Early Education Leaders, an Institute at UMass Boston

provides the leadership development opportunities and infrastructure that early educators need to support thriving children and families.

Adopting the Essential Leadership Model: Early Learning Center at the YWCA of Northeastern MA 

As a longtime educator and ECE leader, Mandy Chaput is confident in her skills and in her work as director of the Early Learning Center and of school-age programs at the YWCA of Northeastern MA. 

“I pride myself on having a very strong program. I’m very close to my families, my staff, my children,” Chaput said. “Even as a director, I want to be known in the program, not just run it.” 

But like any experienced leader, Chaput knows there’s always room for improvement. 

She credited UMass Boston’s Early Childhood Support Organization (ECSO) with enabling her and her staff to collect the data they needed to pinpoint exactly what changes they needed to make to improve program quality. 

“One of the best things about the ESCO was the tools it gave us, including surveys and class observations,” said Chaput, noting that information from the surveys was helpful in identifying strengths as well as areas for improvement.  

Our ESCO is a multi-year program where center-based program leaders build their capacity to cultivate high-quality teaching and learning; create new routines to support educators’ learning and practice and create a culture of continuous quality improvement; learn to use data to inform program improvement; deepen engagement with families to support cohesive home, school, and community connections; increase CLASS scores and child attendance; and focus on curriculum and practices that positively impact child outcomes. 

Chaput and her team embraced the Plan, Do, Study, Act (PDSA) method of implementing and evaluating program changes that she learned in our ESCO. The results were dramatic, she said. In one instance, surveys of staff and parents revealed that while teachers cooperated with each other, they weren’t collaborating. As a result, opportunities to provide better educational continuity for children as they moved through the program were being lost. They embarked on a 30-day PDSA cycle and found that the root cause of the staff’s weak collaboration was their inability to accept constructive criticism from each other. 

“If someone made a suggestion for doing things differently, they took it personally, as if they were being told, ‘You can’t do this. This is how you should do it,’” said Chaput. 

Chaput and her team remedied the misunderstandings by discussing and clarifying their primary goal—improving the program’s educational continuity through team collaboration—and developing solutions to help them achieve that goal. They shared reading material about communication skills and talked about better ways to handle difficult conversations. They honed their skills in a second 30-day PDSA cycle. As a result of the second cycle, Chaput said, the relationships between teaching teams improved and staff learned how to collaborate effectively. When she surveyed staff and parents again the following year, Chaput said, the scores in the area of teacher collaboration were significantly higher.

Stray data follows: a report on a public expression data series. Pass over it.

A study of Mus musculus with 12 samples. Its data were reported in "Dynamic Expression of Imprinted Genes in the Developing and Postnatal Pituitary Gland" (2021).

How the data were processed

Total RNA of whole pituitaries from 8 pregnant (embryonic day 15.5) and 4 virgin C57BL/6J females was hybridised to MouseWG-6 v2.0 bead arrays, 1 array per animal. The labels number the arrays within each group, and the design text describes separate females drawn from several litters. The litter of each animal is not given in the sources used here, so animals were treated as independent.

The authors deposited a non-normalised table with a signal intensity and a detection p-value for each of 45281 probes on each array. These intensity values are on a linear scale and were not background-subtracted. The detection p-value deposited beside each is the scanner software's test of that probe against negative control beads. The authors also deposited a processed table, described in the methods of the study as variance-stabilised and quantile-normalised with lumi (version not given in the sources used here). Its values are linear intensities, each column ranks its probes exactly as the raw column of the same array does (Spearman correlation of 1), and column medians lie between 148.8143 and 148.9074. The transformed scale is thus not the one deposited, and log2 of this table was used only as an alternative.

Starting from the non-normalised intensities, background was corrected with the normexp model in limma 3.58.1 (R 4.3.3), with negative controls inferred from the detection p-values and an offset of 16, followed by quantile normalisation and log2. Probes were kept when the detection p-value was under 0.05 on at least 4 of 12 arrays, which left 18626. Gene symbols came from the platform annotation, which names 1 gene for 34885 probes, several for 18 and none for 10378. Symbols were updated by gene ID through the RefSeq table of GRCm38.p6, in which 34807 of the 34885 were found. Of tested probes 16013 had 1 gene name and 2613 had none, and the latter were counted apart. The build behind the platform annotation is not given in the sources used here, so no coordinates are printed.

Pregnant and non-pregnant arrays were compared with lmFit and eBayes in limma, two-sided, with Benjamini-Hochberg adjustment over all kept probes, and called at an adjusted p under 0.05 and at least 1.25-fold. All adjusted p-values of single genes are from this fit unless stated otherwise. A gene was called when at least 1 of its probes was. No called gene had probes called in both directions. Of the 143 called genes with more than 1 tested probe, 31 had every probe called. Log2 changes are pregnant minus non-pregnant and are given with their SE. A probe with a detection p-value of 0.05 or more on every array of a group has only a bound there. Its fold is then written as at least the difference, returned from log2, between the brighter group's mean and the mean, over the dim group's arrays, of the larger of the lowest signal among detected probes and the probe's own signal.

“The overall atmosphere, tone, and environment was so positive and uplifting. There was a clear difference in our culture from before we worked on collaboration skills and after,” she said. 

Chaput’s education career began in the MA public school system, where she worked as a paraprofessional with children with special needs in inclusion classrooms, while simultaneously earning her bachelor’s degree from Lesley University. Her tenure at the YWCA of Northeastern MA began in 2009 teaching preschool. In 2014, she was promoted to director of the Early Learning Center. Five years later, she also took on the role of school-aged director. In these roles, Chaput is responsible for educational programming for 200 students ranging in age from six weeks to 13. 

Chaput acknowledged that she initially felt overwhelmed by the materials she was presented with at the start of the ESCO, but said she soon settled into the program’s structure, which helped her manage the workload. 

“When I first got the memorandum of understanding and the toolkit, I thought, ‘How am I going to have the time and the mental capacity to put this into practice in my program?,” said Chaput, who enrolled in the ECSO with her site manager at the time. “It was intimidating at first. But you have protected time and once you learn how to break it down, and trust the process and go with the flow, it’s not so intimidating anymore.” 

Beyond helping her and her team improve their program quality, Chaput credited our ESCO with helping her to become a better, more confident leader. She has since recommended the program to others. 

“I always thought I was a strong leader, but through the ESCO, I realized there was so much more that I could do differently, that I could do better,” said Chaput. “It was humbling to learn through this process that there are things that I need to do better, the same as everybody else.

“I think because of my team getting stronger, I became stronger and I became more confident,” she continued. “I love my job and what I do, but because I feel like I’ve gotten better, I love it even more. This program really helped me become a stronger leader.” 

UMass Boston’s ECSO is organized around the Essential Leadership Model, an evidence-based approach for continuous quality improvement. It is one of three ECSOs offered to early education programs in Massachusetts through a partnership between the Commonwealth’s Department of Early Education and Care and New Profit, a venture philanthropy firm that backs social entrepreneurs who are advancing equity and opportunity. The others are administered by the Children’s Literacy Initiative and the Flamingo Early Learning at the Lastinger Center.